Print media has been the primary distribution channel for scholarly work since print’s pivotal role in spreading the ideas that sparked the Protestant Reformation. However, it has been more than 500 years since the Gutenberg press was first used, and new distribution channels are available for anyone who has an internet connection.
Academics wanting to share their work on a wider scale should apply Martin Luther’s distribution practices and communicate with and cultivate a public audience through the internet, the new Gutenberg press.
The Gutenberg Press
When printing emerged in Europe, it was a disruption, a revolution. Before this innovation, the written word was produced painstakingly by scribes under centralized authorities. The relative ease and scalability of printing meant that the traditional gatekeepers could not control the information being spread to the public.
Before long, there were print publishing houses popping up in towns and cities all across the continent, giving anyone with something to say a means to distribute opinions and information. The interests of publishers, for the most part, were the profits. Many simply printed what would sell, regardless of truth or merit.
Luther’s Public Scholarship
It was in this environment that Martin Luther was circulating the work that catalyzed the Protestant Reformation. He was not publishing in an established system with an editorial board or peer review process. He was simply a scholar and clergyman expressing his theological stances clearly and approachably to all literate members of the public, whether or not they were part of academic or religious institutions.
Luther embodied his theology in his practices. He wanted regular folk to be able to have access to materials that were previously only accessible by an elite few. He published his own German translation of the Bible, believing that people should be able to read the Bible in their own language rather than having to listen to it being read in Latin. He spoke and wrote to the public in the vernacular, in the language that they could connect with.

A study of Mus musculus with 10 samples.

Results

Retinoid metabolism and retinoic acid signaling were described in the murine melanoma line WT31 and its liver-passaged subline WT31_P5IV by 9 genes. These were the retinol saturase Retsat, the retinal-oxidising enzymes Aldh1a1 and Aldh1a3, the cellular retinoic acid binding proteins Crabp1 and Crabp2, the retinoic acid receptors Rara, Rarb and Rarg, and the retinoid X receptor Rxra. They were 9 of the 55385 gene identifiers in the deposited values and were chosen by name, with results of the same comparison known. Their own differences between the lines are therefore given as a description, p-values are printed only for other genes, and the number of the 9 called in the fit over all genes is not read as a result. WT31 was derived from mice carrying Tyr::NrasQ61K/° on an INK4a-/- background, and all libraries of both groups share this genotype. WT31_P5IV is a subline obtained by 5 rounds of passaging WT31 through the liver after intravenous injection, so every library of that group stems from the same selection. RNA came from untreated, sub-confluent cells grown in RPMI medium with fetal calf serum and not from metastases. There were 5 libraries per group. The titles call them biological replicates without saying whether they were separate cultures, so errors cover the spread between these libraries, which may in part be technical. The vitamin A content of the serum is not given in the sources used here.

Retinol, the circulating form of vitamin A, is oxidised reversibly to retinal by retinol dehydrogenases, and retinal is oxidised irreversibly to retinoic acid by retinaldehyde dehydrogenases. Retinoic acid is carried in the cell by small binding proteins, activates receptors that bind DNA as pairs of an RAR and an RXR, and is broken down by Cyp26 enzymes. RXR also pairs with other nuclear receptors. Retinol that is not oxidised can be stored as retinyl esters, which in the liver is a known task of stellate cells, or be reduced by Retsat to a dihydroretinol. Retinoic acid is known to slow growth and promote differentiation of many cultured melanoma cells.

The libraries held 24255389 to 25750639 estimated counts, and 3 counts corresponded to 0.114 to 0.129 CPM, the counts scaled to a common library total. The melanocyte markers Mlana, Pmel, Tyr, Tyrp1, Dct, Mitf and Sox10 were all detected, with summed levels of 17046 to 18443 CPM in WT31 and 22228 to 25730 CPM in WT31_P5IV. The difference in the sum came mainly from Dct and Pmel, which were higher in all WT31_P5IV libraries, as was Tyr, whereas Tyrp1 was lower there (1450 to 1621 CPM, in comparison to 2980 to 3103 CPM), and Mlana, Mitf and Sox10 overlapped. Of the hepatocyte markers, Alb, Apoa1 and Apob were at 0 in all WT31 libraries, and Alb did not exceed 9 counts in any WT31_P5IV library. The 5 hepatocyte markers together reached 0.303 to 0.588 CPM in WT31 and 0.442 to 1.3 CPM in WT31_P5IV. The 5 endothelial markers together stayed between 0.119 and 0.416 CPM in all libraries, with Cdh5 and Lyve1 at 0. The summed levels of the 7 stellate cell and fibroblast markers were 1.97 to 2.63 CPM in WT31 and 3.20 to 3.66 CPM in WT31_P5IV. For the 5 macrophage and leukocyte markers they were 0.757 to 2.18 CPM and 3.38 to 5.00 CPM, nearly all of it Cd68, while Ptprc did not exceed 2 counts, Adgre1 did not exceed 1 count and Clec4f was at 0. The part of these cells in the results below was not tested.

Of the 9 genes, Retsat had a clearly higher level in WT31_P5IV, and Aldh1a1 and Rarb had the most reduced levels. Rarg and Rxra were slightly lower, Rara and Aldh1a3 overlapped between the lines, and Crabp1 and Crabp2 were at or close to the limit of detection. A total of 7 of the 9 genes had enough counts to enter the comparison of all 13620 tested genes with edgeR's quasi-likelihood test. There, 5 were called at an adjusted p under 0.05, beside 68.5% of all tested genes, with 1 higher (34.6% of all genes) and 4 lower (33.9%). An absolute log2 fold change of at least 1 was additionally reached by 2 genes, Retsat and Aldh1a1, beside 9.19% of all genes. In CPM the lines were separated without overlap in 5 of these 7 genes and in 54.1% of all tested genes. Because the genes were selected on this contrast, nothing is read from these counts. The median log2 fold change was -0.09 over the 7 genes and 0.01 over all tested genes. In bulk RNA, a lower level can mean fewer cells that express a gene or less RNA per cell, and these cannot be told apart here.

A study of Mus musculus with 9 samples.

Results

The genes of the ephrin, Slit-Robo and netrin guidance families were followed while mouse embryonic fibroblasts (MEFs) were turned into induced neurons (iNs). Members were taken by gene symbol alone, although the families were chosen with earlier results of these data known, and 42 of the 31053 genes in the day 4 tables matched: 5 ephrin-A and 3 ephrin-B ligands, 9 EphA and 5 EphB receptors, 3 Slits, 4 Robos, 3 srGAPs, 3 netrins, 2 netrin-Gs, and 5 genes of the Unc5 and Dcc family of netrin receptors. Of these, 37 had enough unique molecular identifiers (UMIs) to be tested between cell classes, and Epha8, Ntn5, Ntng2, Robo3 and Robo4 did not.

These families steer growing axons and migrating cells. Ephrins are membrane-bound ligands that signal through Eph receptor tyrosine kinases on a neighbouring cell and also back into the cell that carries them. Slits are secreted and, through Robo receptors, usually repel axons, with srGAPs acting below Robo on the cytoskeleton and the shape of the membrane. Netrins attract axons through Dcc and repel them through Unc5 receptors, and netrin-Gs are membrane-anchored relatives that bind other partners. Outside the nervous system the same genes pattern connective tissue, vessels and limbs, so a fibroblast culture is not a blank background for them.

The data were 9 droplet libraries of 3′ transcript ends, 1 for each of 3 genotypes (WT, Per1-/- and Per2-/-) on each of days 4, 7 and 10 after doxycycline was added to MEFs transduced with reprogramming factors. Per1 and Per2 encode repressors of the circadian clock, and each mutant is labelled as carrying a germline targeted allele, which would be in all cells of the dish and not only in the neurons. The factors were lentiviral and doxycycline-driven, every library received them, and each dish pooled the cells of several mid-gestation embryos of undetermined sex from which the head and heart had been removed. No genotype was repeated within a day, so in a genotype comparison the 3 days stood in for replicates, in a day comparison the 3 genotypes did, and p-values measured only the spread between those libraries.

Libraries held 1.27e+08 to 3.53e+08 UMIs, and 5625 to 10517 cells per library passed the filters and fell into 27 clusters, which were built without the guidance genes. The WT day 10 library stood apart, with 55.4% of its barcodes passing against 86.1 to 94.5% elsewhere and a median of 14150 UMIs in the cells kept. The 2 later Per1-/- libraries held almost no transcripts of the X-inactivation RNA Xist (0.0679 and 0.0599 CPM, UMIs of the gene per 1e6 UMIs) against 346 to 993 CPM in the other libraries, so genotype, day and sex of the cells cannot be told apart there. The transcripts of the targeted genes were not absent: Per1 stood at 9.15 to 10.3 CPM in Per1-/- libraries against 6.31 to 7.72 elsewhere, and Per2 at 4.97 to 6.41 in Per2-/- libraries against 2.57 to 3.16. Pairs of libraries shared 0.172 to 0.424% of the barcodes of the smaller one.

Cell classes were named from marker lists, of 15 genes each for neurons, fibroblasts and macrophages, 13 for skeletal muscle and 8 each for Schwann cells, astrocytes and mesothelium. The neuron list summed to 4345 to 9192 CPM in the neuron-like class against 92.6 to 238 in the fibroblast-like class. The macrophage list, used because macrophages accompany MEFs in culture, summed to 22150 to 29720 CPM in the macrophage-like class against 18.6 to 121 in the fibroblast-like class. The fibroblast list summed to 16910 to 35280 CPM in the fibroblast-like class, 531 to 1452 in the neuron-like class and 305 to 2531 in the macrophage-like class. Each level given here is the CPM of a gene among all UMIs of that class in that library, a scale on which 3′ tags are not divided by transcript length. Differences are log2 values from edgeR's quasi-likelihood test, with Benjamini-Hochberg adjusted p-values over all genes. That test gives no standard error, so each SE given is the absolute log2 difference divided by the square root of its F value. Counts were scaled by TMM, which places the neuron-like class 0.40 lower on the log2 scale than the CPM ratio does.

Thanks to printing technology and his tireless work of distributing his work to the masses, Luther was able to reach unprecedented numbers of people with his work. He not only was a successful author and public intellectual, but also changed public communication forever.
The New Gutenberg Press
It is probably safe to say that the printing press model of distribution is no longer the main source of written material for many of us today. Instead, the relatively new and yet ubiquitous internet is the dominant repository, platform, and distribution mechanism for various forms of content.
Similarly to the early years of print publishing, the lack of gatekeepers on the internet has made it incredibly easy for anyone to publish and have their own platform. No matter who you are, you have a shot at gaining an audience for whatever kind of content you want to create.
Moreover, publishing on the internet is less costly and labor-intensive than physical printing. As a result, the scalability, or the capacity of one piece of content to be distributed, of digital media is incomparable to that of print material.
On the other hand, unlike 500 years ago, both the print publishing industry and digital media platforms are over-saturated with content (both reliable and unreliable). While it’s easier than ever to publish, it is as difficult as ever to gain traction in the busy media environment and fast-paced lifestyle of the information age. Content distributors have to fight for attention by posting high volumes of shareable content.
Be Like Luther
Luther did everything he could to make sure that the public could access his ideas. The traditional means of communication did not have the capacity to serve his purpose; so he took the risk and put in the effort to harness the brand new technology of his time.
Scholarly work does not often reach lay audiences. But if you think that you have something of value to share, the technology is there for you. You can overcome your distribution problem and become a public intellectual by making your work public, distributing content sustainably through your platform, and cultivating an environment in which people can learn, grow, and participate in a movement.
The tools and strategies for the digital environment may be different, but the principles that Luther operated by can be applied to all academics who feel that their work would benefit others.